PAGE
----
Last Week in Pony - December 18, 2022
The big news for this week is that we merged and release a safety fix that can have a large impact on performance for applications that send lots of messages that need to be traced by the garbage collector. We’ll be incrementally adding back in performance as we make the compiler smarter.
Items of Note
The Performance Hit is Here
The fix was merged on the afternoon of the 13th. Nightlies starting from the 14th and the 0.52.3 release from Friday have the safety fix in place.
MacOS on Intel is no longer a fully supported platform
A few weeks back, we announced that we would be dropping support for MacOS on Intel. At the time, we said that we would be doing it “before the end of the year”, well, “before the end of the year is here”. On December 12th, we merged the changes to drop MacOS on Intel support from ponyc, corral, and ponyup.
We have an open Zoom meeting every Friday for the community to get together and well, do whatever they want. In theory, Sean T. Allen “owns” the meeting and will often set an agenda. Anyone is welcome to show up and participate. Got a Pony related problem you need help solving and prefer to do it synchronously? Give Office Hours a try.
The December 16th “Office Hours” were attended by Adrian Boyko, Sean T. Allen, Joe Eli McIlvain, and Red – the topic was Sean’s interesting proposal to replace Pony’s existing centralized “Cycle Detector” with a decentralized alternative.
Whether centralized or distributed, a cycle detector’s job is to look for sets of actors that are collectively involved in a reference cycle. For example, if “➞” means “references” and we have a situation where A➞B, B➞C, and C➞A, then actors A, B, and C form such a cycle.
Actors are typically “reaped” when their reference count goes to zero and they don’t have any other incoming messages to process. However, when actors form a reference cycle they will still have non-zero reference counts after all the other actors have forgotten about them, and this will prevent them from being reaped even if none of them have further messages to process. Recognizing the cycles in such scenarios lets Pony reap actors that would otherwise persist past any usefulness.
The dynamics of a distributed cycle detection protocol are reasonably complicated, especially when you consider the infinite number of ways that N actors can reference each other. To help make sure we don’t miss any subtle details, Joe has volunteered to model the protocol using Alloy. He showed us some of the initial work he has done on the model and introduced us to the new temporal logic which was introduced in Alloy version 6.
We then spent some time talking through specific scenarios to learn how Sean’s protocol would deal with each: actors arranged in simple loops, in completely connected graphs, and in overlapping combinations of simpler scenarios (like two loops that share one actor in common).
All-in-all, it was a very productive discussion and it seems as though the distributed cycle detection protocol is off to a good start.
Interested in giving attending Office Hours sometime? There’s a calendar you can subscribe to to stay up-to-date with the schedule. We do our best to keep the calendar up-to-date.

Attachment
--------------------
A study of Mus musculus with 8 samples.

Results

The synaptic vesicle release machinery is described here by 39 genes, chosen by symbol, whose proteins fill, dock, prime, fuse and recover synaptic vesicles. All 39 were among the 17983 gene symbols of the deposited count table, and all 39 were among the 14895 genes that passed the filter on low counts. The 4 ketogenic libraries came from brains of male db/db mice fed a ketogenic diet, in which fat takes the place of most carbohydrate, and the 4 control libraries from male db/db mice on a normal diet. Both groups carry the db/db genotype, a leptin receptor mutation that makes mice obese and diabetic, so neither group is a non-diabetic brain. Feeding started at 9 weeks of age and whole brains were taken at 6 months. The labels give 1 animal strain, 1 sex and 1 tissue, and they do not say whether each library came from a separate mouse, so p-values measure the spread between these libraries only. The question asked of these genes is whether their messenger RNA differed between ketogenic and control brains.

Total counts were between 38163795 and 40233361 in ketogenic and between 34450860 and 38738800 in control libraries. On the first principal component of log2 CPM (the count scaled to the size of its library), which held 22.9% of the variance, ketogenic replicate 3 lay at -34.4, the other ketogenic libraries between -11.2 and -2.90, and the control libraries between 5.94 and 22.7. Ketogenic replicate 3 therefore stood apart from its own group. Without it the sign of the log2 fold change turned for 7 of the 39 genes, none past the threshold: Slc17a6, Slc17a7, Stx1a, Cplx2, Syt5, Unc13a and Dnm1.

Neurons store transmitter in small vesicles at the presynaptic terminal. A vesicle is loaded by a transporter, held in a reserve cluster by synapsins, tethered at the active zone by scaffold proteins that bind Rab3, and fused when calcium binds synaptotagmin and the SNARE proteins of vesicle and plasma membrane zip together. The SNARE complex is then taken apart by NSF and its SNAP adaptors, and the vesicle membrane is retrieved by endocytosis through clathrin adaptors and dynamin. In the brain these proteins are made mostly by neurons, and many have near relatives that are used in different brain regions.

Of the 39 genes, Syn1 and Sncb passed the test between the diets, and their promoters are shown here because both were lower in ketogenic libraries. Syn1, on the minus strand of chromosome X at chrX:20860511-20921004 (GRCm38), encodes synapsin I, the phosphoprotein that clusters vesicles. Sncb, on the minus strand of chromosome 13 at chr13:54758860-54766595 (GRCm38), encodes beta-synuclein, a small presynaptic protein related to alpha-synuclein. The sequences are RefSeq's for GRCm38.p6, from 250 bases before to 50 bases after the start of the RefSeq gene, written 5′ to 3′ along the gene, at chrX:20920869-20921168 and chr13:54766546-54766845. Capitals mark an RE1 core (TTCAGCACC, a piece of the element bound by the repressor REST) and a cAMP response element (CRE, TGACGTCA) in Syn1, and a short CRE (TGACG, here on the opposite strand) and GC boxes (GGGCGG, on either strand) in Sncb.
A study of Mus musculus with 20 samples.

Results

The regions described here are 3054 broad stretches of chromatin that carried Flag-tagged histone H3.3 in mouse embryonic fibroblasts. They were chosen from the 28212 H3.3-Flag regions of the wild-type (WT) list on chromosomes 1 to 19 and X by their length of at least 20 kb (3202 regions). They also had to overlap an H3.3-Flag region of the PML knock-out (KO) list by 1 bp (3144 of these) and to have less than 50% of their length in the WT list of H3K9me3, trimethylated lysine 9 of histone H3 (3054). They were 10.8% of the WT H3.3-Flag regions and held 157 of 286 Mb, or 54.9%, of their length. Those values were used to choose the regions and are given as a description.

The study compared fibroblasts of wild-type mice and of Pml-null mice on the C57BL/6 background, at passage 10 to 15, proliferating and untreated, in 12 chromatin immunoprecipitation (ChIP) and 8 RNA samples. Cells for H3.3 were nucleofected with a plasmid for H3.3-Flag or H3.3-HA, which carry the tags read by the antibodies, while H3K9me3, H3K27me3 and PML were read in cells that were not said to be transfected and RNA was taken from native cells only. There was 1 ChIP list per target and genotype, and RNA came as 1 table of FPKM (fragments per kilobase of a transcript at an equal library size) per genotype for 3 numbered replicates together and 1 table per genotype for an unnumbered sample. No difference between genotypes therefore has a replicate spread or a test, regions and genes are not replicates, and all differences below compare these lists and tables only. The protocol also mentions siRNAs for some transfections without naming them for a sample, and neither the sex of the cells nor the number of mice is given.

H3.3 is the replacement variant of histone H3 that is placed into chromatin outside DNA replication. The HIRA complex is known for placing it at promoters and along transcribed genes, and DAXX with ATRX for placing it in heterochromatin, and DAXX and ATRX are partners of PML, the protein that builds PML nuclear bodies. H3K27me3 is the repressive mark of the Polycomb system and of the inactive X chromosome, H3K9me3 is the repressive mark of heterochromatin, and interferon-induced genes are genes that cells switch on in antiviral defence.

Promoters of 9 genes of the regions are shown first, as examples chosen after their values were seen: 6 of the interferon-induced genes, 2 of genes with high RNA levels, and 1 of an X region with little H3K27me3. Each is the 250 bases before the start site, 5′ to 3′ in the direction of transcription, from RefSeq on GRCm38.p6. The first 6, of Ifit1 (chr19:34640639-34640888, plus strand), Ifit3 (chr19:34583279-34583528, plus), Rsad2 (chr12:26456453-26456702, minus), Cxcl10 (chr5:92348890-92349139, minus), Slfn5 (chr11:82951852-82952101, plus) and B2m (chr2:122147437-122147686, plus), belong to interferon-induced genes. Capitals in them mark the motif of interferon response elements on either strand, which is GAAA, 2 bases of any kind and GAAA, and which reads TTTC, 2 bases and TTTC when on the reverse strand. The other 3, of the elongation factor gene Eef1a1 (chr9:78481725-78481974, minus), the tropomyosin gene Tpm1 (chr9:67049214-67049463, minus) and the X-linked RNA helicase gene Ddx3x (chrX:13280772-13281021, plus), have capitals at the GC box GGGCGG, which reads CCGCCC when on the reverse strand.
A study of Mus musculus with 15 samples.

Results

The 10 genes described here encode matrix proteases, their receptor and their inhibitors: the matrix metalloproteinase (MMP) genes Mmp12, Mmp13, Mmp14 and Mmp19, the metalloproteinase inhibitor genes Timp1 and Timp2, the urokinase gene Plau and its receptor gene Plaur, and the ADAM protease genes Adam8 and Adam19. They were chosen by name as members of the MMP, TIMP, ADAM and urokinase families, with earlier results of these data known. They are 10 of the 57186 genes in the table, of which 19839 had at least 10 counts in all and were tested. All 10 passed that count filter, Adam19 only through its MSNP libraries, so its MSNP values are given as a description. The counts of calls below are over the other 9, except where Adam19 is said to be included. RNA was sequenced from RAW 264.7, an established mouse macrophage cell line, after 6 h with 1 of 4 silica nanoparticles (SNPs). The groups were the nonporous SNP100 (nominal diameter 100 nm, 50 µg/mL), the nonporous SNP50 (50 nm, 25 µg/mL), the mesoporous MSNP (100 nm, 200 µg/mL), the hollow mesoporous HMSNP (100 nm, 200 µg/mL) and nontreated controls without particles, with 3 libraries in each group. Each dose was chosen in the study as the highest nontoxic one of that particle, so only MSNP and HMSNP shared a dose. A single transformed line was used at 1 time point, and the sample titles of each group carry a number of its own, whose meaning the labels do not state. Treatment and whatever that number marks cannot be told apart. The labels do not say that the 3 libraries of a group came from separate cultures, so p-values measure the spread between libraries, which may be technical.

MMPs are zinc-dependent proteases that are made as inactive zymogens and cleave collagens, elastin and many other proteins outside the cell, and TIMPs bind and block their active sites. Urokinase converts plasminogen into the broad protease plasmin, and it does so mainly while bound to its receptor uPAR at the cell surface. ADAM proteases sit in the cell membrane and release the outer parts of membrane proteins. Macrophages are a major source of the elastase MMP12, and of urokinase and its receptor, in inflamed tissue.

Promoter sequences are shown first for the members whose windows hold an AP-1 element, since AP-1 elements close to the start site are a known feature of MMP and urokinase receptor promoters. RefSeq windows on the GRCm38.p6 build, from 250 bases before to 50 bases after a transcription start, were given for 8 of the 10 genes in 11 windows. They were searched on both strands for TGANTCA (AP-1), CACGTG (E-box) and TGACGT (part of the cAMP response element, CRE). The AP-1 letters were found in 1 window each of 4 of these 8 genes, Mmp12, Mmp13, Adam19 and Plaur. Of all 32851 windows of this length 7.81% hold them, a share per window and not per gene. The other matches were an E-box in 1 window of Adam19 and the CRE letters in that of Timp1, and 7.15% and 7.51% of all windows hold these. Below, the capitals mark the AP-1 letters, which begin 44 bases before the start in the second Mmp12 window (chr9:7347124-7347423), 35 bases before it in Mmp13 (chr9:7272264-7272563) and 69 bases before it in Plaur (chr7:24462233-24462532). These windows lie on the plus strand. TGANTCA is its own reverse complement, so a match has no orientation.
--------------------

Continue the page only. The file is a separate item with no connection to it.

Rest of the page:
Pony is a volunteer driven project. Nothing gets down without someone volunteering their time and helping to push things forward. Yes, there are folks who dedicate more time than others and a core team that dedicates time specifically for guiding Pony’s development. Everyone’s time is limited, so each week, we highlight a couple of issues that we hope will inspire someone to volunteer their time to help fix.
In addition to our highlighted issues, you can find more that we are looking for assistance on by visiting just about any repository in the ponylang org and looking for issues labeled with “help wanted”
If you are interested in working on either issue or any other issue from a Ponylang repository, you can get in touch on the issue in question or, even better, join us on the Ponylang Zulip to strike up a conversation.
This week’s issues as selected by Ryan A. Hagenson are:
Windows releases contain unneeded files
The Windows PowerShell script that builds
ponyc includes files that are not needed. As we have very few Pony on Windows experts around, someone familiar with PowerShell could be a real help to us! Someone taking this issue should feel comfortable working with PowerShell – other than that, follow what the issue says.
Update Windows LibreSSL version
Calling all Pony on Windows users! If you want a relatively easy way to contribute to Pony, we need someone to update the version of LibreSSL that
crypto is built against. We currently are building against 3.5.3 (released May 18th, 2022) with the latest release being 3.7.0 (December 12th, 2022). Someone taking this issue should feel comfortable working with PowerShell and build systems.
Major changes in Pony go through a community driven process where members of the community can write up “requests for change” that detail what they think should be changed and why. RFCs can range from simple to complex. We welcome your participation.
This week, we’ve had single requests for an RFC. Requests for RFC means that either the Pony core team or a community member is requesting that someone write an RFC to address a specific issue.
Requests for someone to create an RFC for “issue X” from a Pony user.
Last Week In Pony is a weekly blog post to catch you up on the latest news for the Pony programming language. To learn more about Pony, check out our website, our Twitter account @ponylang, or our Zulip community.
Got something you think should be featured? There’s a GitHub issue for that! Add a comment to the open “Last Week in Pony” issue.
Interested in making a change, or keeping up with changes to Pony? Check out the RFC repo. Contributors welcome!